Press Release
October 8, 2018

To harmonize law enforcement, end 'confusion'
Senate approves Lacson-sponsored bill for PNP rank classification

With a vote of 18 senators present with no abstention, the Senate on Monday, October 8, approved on third and final reading Senate Bill 2031 seeking to modify the rank classification in the Philippine National Police.

The bill, with Sen. Panfilo M. Lacson as principal author, seeks a more common rank nomenclature to standardize law enforcers are being called.

Lacson, who headed the PNP from 1999 to 2001, sponsored the bill in his capacity as chairman of the Senate Committee on Public Order and Dangerous Drugs.

"This measure is geared towards our collective pursuit of eliminating confusion on how our law enforcers must be addressed and, ultimately bringing our policemen closer to the populace," Lacson said.

"In order to maintain its clear distinction from the members of the Armed Forces of the Philippines, the ranks to be used in addressing the PNP personnel shall be preceded by the word 'Police'," he added.

The bill primarily seeks to amend Section 28 of Republic Act 6975 as amended, also known as the Department of Interior and Local Government Act of 1990.

Under the bill, the PNP rank classification shall be as follows:

Director-General to Police General
Deputy Director-General to Police Lieutenant General
Director to Police Major General
Chief Superintendent to Police Brigadier General
Senior Superintendent to Police Colonel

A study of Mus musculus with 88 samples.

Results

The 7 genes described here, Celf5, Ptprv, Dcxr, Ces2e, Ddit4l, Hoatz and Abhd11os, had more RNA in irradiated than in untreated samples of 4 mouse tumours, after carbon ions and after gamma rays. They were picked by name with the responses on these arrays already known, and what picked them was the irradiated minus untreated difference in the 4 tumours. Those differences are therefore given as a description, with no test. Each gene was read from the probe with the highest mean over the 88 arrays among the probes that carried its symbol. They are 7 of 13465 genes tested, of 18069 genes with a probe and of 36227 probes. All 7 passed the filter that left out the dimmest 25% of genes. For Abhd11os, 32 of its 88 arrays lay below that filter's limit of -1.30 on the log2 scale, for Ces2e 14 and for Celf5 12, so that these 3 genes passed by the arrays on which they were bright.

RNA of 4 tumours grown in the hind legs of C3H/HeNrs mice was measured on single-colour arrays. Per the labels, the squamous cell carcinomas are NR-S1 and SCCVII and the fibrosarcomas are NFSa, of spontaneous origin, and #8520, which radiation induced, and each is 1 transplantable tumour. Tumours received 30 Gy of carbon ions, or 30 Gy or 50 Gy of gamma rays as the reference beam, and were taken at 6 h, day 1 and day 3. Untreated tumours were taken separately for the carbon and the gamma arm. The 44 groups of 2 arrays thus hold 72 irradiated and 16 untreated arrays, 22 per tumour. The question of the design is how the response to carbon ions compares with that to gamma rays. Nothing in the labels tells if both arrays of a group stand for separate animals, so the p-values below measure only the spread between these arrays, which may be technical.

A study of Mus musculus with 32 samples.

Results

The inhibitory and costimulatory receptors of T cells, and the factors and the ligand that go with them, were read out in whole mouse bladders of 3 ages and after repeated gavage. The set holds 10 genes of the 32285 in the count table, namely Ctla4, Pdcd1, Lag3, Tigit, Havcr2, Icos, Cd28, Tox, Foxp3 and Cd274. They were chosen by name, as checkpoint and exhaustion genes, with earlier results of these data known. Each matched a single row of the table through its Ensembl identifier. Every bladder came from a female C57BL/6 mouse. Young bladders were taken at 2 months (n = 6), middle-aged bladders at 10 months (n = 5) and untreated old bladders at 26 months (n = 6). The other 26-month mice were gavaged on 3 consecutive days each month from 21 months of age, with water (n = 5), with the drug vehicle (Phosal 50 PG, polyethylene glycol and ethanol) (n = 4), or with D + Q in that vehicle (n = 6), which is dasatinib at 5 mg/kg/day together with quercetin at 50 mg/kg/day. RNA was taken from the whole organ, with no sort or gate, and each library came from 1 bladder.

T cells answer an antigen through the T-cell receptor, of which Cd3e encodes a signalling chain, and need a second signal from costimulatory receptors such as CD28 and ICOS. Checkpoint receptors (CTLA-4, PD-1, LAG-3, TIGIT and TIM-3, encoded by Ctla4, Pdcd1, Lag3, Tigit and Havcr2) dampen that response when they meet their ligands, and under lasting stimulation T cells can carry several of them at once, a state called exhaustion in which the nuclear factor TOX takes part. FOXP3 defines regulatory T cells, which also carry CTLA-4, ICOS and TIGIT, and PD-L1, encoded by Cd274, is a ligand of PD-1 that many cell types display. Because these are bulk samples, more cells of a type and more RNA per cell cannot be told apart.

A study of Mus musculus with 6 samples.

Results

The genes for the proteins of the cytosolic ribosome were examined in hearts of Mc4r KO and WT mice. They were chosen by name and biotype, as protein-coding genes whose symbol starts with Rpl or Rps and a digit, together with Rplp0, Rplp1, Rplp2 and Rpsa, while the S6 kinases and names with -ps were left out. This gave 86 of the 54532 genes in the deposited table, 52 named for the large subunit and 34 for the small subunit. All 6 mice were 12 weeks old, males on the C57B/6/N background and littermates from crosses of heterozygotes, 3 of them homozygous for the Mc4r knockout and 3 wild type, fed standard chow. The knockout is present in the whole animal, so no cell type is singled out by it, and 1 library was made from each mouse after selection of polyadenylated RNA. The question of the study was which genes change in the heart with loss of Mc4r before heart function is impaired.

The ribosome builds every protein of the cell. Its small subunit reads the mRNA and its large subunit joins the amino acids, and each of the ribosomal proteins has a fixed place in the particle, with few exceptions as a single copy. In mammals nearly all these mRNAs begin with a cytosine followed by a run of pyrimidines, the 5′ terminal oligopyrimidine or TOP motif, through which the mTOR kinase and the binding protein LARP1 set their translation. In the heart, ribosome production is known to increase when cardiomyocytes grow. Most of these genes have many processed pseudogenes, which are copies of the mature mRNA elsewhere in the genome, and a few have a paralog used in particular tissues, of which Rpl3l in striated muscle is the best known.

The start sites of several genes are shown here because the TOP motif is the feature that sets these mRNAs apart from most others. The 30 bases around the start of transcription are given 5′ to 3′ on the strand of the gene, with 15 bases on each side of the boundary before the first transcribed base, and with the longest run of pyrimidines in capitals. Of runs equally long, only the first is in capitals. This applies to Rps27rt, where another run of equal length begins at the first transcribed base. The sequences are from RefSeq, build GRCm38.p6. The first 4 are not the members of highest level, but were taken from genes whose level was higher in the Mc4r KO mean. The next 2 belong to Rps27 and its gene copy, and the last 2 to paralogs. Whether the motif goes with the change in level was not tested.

Superintendent to Police Lieutenant Colonel
Chief Inspector to Police Major
Senior Inspector to Police Captain
Inspector to Police Lieutenant
SPO4 to Police Executive Master Sergeant
SPO3 to Police Chief Master Sergeant
SPO2 to Police Senior Master Sergeant
SPO1 to Police Master Sergeant
PO3 to Police Staff Sergeant
PO2 to Police Corporal
PO1 to Patrolman/Patrolwoman

Lacson also emphasized the need for such a rank classification system for the PNP to coordinate better with other law enforcement agencies in anti-crime and anti-terrorism operations.

"As hyperbolic as it may sound, we cannot afford any delay in coordination in counter-terrorism operations and operations against other threats to national security. You and I would agree that a split second matters if the safety and lives of our people are at stake," he said.

"Experiences both of our policemen and soldiers tell us that unnecessary lags occur when one still finds it necessary to check who his or her counterpart from the police or military is," he added.

On the other hand, Lacson said the rank classification specified in Senate Bill 2031 will not take away the civilian character of the PNP, much less militarize it.

He added the Department of Justice, through a letter signed by Undersecretary Emmeline Aglipay-Villar, said it "finds no clear and categorical infringement of the Constitution."

Because of this, Lacson said the PNP "shall continue to adopt a service-oriented outlook in consonance with its existing police-community relations doctrine consistent with its sworn duty 'To Serve and Protect.'"

The measure is co-authored by Sen. Juan Edgardo "Sonny" Angara, chairman of the Senate Committee on Local Government, and Sen. Grace Poe, vice chair of the Senate Committee on Public Order and Dangerous Drugs.